The importance of testing your riskiest assumptions as earlier as possible

Alfredo JuarezAlfredo Juarez | June 30, 2019

The importance of testing your riskiest assumptions as earlier as possible

Last year, when I was mentoring at a Startup Weekend, there was this team that wanted to create a service that would deploy drivers on-demand for people who would go out with their car but drank a little too much to drive back home — think of it as some sort of Valet Parking, but instead of parking your car, they would drive you home (with your car) — don’t judge the idea, this isn’t the point of the article, bear with me.

When I was thinking about different ways to validate their ideas before writing a single line of code, I suggested them to go out that night to a couple of nightclubs and approach drunk drivers as much as they could to offer them a ride home.

Of course, someone said: no way! How would someone give me his car if he doesn’t know me? Bingo! That, right there, is the riskiest assumption for this particular team. There’s no point at all in building a robust product if there’s a potential risk of being mistrusted by your target market. You have to be able to identify and mitigate those risks before pouring all your money on this product.

For this particular product, going out there and asking wether someone would use this service is rather enough; in a simple questionnaire format, someone could tell you she would definitely use it, but in real practice she just wouldn’t trust you to drive her home. This is what I call a false positive in customer development. That’s why I encouraged them to perform this test by offering an actual service, instead of just asking the usual questions.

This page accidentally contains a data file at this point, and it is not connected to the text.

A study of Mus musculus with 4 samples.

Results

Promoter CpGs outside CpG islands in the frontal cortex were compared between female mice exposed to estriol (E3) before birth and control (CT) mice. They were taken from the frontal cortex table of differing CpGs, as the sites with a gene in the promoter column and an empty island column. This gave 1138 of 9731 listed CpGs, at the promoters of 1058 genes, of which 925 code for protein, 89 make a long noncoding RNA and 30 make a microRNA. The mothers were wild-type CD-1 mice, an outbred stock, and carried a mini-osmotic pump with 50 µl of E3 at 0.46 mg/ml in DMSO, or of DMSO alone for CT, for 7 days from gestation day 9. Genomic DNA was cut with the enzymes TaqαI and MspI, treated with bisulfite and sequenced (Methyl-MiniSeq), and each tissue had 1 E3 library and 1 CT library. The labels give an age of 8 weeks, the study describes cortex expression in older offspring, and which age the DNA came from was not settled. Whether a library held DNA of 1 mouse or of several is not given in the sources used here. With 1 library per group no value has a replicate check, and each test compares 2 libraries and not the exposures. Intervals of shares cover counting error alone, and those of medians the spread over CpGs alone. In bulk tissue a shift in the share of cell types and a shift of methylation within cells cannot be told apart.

Before fulfilling the team’s desire to build an app, they had some pressing issues that needed to be addressed beforehand, like: 1) how can they be trusted by the target market? 2) would anyone use a service like this at all? 3) what are the legal constraints for this service and how can they assure the customer that she’s fully covered if something bad happens?

Now, just as they where hesitant to go ahead and perform this test, you might be thinking, it’s kind of crazy to just go out there and tell someone that we are a valet-to-home service company without actually having a real company that backs your claims. I can’t deny that having everything in order — legal, tech, personnel, etc.. — would make it easier for gaining trust, however, getting all that backup in place is super expensive and, at this very moment, you don’t even know if people would even use this service at all.

So, next time you are working on a new product, don’t forget to test your riskiest assumptions early and often.

Don’t fall out in the false positives trap.